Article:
Akash Prakash is the founder of Amansa Capital, a FII based in Singapore. He manages a portfolio worth in excess of Rs. 4000 crore. His superb stock-picking skills have ensured that the portfolio comprises of only top-quality winner stocks (See Akash Prakash’s investment philosophy and portfolio).
In an earlier article, Akash Prakash was gung ho about Indian equities and urged investors to buy stocks without worrying that there are “too expensive” or that there is no “margin of safety”. (See Debunking two worries).
However, in his latest piece in Business Standard (A test of conviction), Akash Prakash has done a somersault.
He points out that “there are clear cracks in the thesis” and that “over the coming few months, India bulls are going to have their conviction severely tested”.
Akash Prakash gives several reasons in support of his thesis and also pins the blame for this state of affairs on NAMO.
“Not enough change has happened at the ground level, little progress has been made in improving the ease of doing business or simplifying our web of rules and regulations” Akash Prakash says.
He adds that “the biggest disappointment for most investors has been on the reform front”. He criticizes NAMO for “very little out-of-the-box thinking or desire to break the mould”. “The hope for root-and-branch reform that fundamentally changes the way government functions and takes decisions now seems only a forlorn hope” he laments.
The fiasco over the applicability of minimum alternate tax (MAT) for foreign institutional investors has also irked Akash Prakash. He calls it a “big blow to investor perception” and that foreign investors are “convinced that the government is acting in an arbitrary and illogical fashion, and that India is once again back to doing funny stuff on taxes”.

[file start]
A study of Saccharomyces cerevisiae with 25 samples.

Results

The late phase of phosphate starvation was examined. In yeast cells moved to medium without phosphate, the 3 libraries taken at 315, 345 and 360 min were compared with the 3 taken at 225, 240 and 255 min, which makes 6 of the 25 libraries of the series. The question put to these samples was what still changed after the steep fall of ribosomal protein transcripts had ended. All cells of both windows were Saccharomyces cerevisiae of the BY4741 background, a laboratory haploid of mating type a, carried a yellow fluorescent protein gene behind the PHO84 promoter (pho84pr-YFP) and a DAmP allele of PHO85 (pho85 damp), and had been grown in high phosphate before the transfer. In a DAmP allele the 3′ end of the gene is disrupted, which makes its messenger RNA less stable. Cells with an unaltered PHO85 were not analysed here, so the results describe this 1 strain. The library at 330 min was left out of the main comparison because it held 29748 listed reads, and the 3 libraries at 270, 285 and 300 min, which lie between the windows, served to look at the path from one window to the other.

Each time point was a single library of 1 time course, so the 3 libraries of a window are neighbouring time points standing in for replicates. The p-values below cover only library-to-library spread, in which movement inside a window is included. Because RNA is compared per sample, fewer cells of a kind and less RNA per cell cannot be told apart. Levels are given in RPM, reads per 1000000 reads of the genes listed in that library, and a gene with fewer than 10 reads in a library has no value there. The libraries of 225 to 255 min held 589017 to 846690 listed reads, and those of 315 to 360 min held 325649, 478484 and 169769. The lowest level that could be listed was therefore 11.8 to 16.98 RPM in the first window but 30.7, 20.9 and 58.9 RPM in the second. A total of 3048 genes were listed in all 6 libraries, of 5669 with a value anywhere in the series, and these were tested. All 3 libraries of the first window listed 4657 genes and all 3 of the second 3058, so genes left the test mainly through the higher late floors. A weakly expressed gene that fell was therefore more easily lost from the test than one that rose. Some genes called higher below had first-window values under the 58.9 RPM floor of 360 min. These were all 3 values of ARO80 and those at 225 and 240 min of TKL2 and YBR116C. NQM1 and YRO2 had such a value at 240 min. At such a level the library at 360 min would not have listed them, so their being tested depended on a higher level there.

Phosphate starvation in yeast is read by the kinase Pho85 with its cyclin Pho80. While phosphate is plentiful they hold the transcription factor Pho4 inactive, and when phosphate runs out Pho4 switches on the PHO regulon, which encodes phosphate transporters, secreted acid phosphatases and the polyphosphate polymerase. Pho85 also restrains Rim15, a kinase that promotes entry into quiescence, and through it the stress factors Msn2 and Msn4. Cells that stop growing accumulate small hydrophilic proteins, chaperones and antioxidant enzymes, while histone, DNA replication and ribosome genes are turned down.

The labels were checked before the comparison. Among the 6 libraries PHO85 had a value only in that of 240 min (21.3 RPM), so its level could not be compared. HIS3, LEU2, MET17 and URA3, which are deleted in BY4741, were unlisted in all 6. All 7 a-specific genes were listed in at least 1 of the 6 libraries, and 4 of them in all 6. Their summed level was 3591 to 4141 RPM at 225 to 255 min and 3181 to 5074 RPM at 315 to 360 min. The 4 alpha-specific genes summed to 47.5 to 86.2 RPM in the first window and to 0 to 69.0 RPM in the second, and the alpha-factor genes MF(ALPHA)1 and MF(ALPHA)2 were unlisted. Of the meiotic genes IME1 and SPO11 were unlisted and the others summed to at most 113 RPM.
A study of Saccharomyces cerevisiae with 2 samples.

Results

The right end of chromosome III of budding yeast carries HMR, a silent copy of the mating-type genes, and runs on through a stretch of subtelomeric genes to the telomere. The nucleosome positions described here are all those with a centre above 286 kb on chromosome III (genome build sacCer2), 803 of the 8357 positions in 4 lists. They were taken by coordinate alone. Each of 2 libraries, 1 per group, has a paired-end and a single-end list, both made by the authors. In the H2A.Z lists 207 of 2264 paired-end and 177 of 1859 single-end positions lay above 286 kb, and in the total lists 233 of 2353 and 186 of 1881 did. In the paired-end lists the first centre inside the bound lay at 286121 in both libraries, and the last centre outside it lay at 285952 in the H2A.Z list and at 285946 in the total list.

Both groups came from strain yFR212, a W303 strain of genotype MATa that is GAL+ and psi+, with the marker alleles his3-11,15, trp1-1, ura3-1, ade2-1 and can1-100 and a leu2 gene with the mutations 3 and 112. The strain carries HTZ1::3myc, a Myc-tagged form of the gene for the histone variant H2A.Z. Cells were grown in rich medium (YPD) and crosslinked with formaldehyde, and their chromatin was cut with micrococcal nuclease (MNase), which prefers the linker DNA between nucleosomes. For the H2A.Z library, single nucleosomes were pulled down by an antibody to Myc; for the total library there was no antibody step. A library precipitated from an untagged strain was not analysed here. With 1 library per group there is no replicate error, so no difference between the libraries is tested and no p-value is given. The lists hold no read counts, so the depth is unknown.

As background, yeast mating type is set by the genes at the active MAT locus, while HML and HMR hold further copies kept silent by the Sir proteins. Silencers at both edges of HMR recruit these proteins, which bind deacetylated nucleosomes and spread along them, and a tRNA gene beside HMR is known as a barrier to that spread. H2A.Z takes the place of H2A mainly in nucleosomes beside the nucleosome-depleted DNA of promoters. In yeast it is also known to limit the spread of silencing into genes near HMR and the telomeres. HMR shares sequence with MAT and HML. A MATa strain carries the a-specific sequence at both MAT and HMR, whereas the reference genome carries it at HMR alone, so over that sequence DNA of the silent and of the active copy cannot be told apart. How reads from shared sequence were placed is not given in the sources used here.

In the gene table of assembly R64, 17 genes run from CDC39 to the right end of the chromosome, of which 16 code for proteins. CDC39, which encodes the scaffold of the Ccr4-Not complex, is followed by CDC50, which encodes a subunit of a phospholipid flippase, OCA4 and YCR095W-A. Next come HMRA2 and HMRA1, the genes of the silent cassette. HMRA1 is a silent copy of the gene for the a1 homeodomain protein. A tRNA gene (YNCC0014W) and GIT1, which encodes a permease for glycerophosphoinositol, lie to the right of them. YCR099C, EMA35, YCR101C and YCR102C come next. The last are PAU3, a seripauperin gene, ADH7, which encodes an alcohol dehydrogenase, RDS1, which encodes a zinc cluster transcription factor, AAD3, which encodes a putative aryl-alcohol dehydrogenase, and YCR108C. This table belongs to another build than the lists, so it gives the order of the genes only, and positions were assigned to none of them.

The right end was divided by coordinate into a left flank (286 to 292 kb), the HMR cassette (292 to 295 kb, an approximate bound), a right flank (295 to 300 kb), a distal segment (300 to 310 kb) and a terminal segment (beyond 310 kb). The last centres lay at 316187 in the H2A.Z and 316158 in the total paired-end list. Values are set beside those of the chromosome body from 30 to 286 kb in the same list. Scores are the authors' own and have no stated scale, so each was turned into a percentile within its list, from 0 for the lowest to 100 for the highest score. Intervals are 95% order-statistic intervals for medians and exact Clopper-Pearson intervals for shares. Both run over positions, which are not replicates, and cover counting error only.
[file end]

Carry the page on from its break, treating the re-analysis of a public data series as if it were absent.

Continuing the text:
Towards the end, Akash Prakash has sent the clear warning that “India is no longer the only game in town”. “It is only a matter of time before money moves, and the India overweight reduces among global emerging market as well as regional managers” he warns in a chilling tone.
Interestingly, even Samir Arora of Helios Capital who had come out with all guns blazing in support of NAMO at an earlier occasion (when NAMO was being attacked by Jim Rogers and Deepak Parekh for ‘inaction’) appears to be getting restive. He retweeted a comment by Debashis Basu that “MAT illustrates how maddening, hypocritical & unfair Indian politicians and tax babus can be. This govt no different’.
Samir Arora was also blunt about the clumsy manner in which the issue of taxation of foreign investors was handled. “What’s going on? Now govt says notices only for 600 crores of MAT. Then how did the 40,000 crore number come?” he asked irately.
If Akash Prakash and the other ace fund managers act on their threat and pump out billions of dollars from the India, it will spell doom for the stock markets. Will NAMO pay heed of these criticisms and take appropriate action to salvage the situation before it is too late?